The BJP’s internal war is well turning out to be not just a battle between those who want Hindutva and those who want to dump it to woo voters.
It’s also becoming a battle of those on the wrong side of 60 against those who are young and likely to be projected as Prime Minister probables — before the next general elections, five years away.
Also, it’s about grabbing posts in the party and Parliament (which carry ministerial perks) and changing the pecking order.
The aging leaders — with years of experience — sense they could get left out. More so, as they see clamour growing within the party for younger ones to take charge to counter Rahul Gandhi-inspired Congress.
As Yashwant Sinha, 71, quit his post as vice president to join hands with Jaswant Singh, 71, who waved the flag of revolt first, it is clear their anger is directed at L.K. Advani, 81, whose projection as PM candidate failed, with the BJP’s numbers going down from 138 in 2004 to 116 this year.
It was no surprise his resignation for all posts was accepted with immediate effect. The message was clear — the party would not tolerate dissidence.
The BJP failed to win a seat in Mumbai or Delhi. Its vote share across the country is down to 18.8 per cent, a dip of four. This statistic means the younger lot will get preference over veterans whose stated fury is over the BJP’s failure to do an honest post-mortem.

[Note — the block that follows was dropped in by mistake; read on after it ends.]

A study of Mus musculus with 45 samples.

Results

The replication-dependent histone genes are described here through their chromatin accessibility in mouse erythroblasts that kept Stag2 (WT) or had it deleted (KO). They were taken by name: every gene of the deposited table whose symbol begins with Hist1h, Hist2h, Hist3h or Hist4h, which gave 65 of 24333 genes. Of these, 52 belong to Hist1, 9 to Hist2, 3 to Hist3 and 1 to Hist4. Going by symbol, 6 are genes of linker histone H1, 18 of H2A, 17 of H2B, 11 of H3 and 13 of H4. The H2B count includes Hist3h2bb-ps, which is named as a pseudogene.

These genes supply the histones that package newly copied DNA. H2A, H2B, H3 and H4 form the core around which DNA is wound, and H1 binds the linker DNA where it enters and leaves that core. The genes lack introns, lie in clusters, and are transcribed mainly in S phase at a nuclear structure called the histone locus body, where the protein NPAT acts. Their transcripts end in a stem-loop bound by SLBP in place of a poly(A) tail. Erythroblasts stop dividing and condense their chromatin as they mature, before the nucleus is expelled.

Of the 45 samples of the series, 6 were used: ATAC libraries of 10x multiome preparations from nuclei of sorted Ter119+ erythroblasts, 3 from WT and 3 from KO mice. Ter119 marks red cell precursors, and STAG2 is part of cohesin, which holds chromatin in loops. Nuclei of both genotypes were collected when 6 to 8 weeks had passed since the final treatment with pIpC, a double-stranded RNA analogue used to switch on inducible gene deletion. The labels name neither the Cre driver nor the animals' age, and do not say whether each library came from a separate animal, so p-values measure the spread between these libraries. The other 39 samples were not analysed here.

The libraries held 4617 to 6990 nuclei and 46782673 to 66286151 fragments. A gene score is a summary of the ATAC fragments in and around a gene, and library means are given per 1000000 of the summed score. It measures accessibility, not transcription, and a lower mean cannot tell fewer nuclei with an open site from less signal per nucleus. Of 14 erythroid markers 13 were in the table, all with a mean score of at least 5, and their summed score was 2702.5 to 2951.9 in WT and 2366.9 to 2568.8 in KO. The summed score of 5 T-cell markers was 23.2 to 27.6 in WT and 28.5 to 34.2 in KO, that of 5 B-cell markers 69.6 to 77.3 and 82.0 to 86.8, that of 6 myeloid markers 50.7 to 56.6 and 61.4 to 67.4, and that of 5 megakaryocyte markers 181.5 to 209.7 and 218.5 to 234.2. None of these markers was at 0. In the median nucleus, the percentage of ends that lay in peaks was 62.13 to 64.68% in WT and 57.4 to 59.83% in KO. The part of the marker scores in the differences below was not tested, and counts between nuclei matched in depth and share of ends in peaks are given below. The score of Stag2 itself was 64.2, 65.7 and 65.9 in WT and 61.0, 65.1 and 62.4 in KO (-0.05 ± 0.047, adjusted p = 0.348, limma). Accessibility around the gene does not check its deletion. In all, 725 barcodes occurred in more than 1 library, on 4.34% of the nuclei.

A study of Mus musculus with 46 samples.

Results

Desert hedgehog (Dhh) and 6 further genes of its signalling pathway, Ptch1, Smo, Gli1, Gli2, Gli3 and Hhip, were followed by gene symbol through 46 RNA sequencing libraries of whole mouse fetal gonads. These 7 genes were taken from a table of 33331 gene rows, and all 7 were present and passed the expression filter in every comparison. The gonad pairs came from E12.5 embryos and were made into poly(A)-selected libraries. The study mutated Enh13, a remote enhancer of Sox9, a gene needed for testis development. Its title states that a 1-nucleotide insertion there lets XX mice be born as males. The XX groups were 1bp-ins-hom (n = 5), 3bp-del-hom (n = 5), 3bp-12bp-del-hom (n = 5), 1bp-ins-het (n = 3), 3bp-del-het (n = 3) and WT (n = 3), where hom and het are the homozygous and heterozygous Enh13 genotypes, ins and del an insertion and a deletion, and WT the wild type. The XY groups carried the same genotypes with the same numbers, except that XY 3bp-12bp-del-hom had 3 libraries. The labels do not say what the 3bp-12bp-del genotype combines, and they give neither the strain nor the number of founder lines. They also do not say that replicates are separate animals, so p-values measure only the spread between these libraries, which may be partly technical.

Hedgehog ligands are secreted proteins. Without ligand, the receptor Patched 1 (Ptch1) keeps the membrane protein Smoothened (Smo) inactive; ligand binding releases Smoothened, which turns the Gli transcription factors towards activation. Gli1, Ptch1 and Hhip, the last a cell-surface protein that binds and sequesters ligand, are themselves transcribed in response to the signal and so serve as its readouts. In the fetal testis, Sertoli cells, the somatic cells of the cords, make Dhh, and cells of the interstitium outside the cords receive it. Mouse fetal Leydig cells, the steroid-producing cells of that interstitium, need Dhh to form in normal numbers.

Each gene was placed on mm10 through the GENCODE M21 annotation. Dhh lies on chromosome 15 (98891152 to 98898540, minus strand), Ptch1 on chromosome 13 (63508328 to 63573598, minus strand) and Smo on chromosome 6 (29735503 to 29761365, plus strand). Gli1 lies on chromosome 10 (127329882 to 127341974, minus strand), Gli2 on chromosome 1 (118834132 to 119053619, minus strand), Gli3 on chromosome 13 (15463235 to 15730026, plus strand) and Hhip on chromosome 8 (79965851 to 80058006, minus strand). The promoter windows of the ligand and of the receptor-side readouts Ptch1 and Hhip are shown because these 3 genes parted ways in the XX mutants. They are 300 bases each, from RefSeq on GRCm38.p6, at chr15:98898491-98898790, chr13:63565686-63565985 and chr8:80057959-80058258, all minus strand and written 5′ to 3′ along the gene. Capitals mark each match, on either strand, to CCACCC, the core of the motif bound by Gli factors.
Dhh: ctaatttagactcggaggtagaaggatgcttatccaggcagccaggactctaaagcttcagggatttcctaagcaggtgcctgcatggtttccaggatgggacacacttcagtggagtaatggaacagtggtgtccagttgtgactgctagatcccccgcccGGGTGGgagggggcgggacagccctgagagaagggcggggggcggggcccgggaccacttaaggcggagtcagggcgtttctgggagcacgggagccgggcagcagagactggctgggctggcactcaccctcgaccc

So the aging leaders are provoked by Advani’s decision to make 56-year-old Arun Jaitley Leader of Opposition in Rajya Sabha, say party insiders.
Though this is not the first time Sinha has attacked Advani, his timing is seen as a part of a strategy of the anti-Advani leaders to bring pressure on him and other new appointees to quit. Echoing Jaswant Singh’s criticism of Advani’s post-poll decisions, Sinha demanded all those in top positions resign for a proper election to fill their places.
All eyes are now on the BJP’s parent body, the 84-year-old RSS. Advani had spoken to its chief, Mohan Bhagwat, 59, about Jaitely’s appointment. Bhagwat has made it clear he is not against the BJP’s plans to change itself to woo voters, without, of course, appearing to be snapping RSS links.
But as the troubles deepen, party insiders expect more leaders to adopt Sinha’s line of action. They could include vice-president Shanta Kumar (who wanted to be named in place of Jaitley), general secretaries Gopinath Munde and Vijay Goel.
Saturday’s events began an hour before party chief Rajnath Singh, 57, held a press conference to impose a gag order on its leaders. Sinha quit his post of vice-president, distributing to the media copies of his five-page letter of resignation.
He charged Advani’s election as Opposition leader and his decisions on Jaitley and Sushma Swaraj, 57, as his deputy violated the party’s constitution.
He pressed for a “Kamaraj Plan”, formulated in 1963, calling upon top Congress leaders to quit and devote their energy to the party’s re-vitalisation.
Sinha said he had a “sinking feeling” of a “conspiracy of silence” to aid those behind the defeat to get a clean chit and elevated to higher posts. “It is difficult to avoid the impression that in the BJP we put a premium on failure.”